July 25, 2019

For More Information Contact Brian Stanley, environmental health manager, Cumberland Plateau Health District, 276-415-3370

(LEBANON, Va.) – To avoid rabies, avoid approaching or handling wild animals. This is one of several recommendations from the Virginia Department of Health to avoid spreading rabies among people and pets.

Any mammal can be infected with rabies. Wild animals frequently diagnosed with rabies include raccoons, skunks and foxes. Cats are the most common domestic animal diagnosed with rabies.

Rabies is a deadly disease caused by a virus that attacks the nervous system. Once symptoms in humans develop, the infection is usually fatal. Administering preventive treatment following an exposure and before symptoms develop is critical in preventing disease and death. “It’s important to seek medical attention promptly after a possible exposure,” said Sue Cantrell, M.D., director of the Cumberland Plateau Health District.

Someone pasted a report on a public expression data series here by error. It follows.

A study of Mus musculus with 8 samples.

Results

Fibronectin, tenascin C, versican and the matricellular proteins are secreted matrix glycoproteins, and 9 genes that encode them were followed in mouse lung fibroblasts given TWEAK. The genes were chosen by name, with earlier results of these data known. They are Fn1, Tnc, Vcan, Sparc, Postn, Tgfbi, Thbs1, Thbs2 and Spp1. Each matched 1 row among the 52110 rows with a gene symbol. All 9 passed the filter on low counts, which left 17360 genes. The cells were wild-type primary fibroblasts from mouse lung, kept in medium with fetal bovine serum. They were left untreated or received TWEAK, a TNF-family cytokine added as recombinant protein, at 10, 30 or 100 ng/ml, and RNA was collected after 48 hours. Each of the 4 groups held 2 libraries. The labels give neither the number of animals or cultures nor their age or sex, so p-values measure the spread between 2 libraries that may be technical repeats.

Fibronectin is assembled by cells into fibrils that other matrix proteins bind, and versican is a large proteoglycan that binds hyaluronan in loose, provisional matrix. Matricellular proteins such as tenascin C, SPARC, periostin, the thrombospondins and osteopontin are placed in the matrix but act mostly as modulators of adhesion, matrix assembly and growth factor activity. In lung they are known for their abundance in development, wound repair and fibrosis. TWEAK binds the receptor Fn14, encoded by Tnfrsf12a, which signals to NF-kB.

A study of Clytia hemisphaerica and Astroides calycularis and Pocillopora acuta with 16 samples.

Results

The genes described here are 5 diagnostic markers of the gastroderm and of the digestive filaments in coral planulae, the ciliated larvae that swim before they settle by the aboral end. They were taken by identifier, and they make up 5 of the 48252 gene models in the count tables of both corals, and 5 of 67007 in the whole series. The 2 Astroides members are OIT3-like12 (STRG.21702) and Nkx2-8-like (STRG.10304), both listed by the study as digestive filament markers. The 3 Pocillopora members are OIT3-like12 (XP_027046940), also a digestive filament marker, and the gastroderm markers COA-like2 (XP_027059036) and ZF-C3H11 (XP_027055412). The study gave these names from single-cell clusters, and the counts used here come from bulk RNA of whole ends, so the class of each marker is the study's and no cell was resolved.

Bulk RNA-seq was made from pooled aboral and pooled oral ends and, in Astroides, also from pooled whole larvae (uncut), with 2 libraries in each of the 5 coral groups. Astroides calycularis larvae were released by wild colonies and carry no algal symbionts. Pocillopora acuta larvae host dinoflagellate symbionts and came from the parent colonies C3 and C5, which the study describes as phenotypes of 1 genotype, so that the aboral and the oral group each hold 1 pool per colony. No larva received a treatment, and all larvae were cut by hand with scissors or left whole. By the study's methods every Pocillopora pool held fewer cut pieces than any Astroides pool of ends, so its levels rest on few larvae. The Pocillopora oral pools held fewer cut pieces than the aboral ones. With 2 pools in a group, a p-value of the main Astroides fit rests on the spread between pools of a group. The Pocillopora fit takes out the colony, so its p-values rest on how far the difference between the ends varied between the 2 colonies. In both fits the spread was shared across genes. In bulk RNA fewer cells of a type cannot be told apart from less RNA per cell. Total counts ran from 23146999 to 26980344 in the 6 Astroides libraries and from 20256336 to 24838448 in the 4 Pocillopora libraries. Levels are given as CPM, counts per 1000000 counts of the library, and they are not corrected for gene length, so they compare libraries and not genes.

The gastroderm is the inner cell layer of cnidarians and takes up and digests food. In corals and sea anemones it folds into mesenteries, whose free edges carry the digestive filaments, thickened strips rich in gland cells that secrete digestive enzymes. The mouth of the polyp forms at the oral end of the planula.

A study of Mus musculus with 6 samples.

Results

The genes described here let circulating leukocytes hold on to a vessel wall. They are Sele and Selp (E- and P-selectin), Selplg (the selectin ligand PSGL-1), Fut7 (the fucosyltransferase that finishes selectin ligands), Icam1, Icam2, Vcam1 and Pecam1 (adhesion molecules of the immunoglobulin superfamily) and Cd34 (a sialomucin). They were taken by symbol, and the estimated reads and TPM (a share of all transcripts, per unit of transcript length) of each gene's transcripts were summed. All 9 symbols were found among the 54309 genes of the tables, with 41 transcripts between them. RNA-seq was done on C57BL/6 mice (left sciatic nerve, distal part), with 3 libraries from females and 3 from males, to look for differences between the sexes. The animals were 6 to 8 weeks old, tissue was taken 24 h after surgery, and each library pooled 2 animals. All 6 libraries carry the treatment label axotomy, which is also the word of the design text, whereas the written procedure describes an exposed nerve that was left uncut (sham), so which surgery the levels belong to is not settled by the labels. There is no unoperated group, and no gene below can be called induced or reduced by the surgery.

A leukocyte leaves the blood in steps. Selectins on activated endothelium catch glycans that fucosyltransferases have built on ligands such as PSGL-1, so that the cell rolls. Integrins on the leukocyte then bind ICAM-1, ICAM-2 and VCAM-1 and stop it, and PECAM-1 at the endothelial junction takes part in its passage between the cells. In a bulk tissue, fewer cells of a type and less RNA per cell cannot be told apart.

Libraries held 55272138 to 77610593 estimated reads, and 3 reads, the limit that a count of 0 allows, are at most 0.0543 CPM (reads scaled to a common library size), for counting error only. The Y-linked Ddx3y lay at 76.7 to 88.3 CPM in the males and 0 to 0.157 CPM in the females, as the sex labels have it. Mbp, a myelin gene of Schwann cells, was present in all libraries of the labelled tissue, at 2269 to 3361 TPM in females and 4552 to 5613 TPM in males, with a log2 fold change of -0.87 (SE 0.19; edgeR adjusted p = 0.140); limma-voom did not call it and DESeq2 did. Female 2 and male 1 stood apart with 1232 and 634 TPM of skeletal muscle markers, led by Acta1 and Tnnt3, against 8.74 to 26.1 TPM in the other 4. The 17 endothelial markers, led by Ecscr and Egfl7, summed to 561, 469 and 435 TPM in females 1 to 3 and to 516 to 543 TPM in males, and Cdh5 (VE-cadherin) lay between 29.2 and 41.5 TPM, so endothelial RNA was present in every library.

VDH and the health district strongly advises that people take these steps to protect family members and pets from rabies:

  • Vaccinate your dogs, cats and ferrets and keep their vaccinations up to date;
  • Avoid contact with wild animals or stray cats and dogs;
  • Do not feed wild animals or stray cats and dogs;
  • Report stray animals to your local animal control agency;
  • Eliminate outdoor food sources around the home; and
  • Keep pets confined to your property or walk them on a leash.

For more information, visit www.vdh.virginia.gov/epidemiology/DEE/Rabies and www.vdh.virginia.gov/environmental-epidemiology/animal-contact-human-health/?tab=3 or call the Russell County Health Department at 276-889-7621.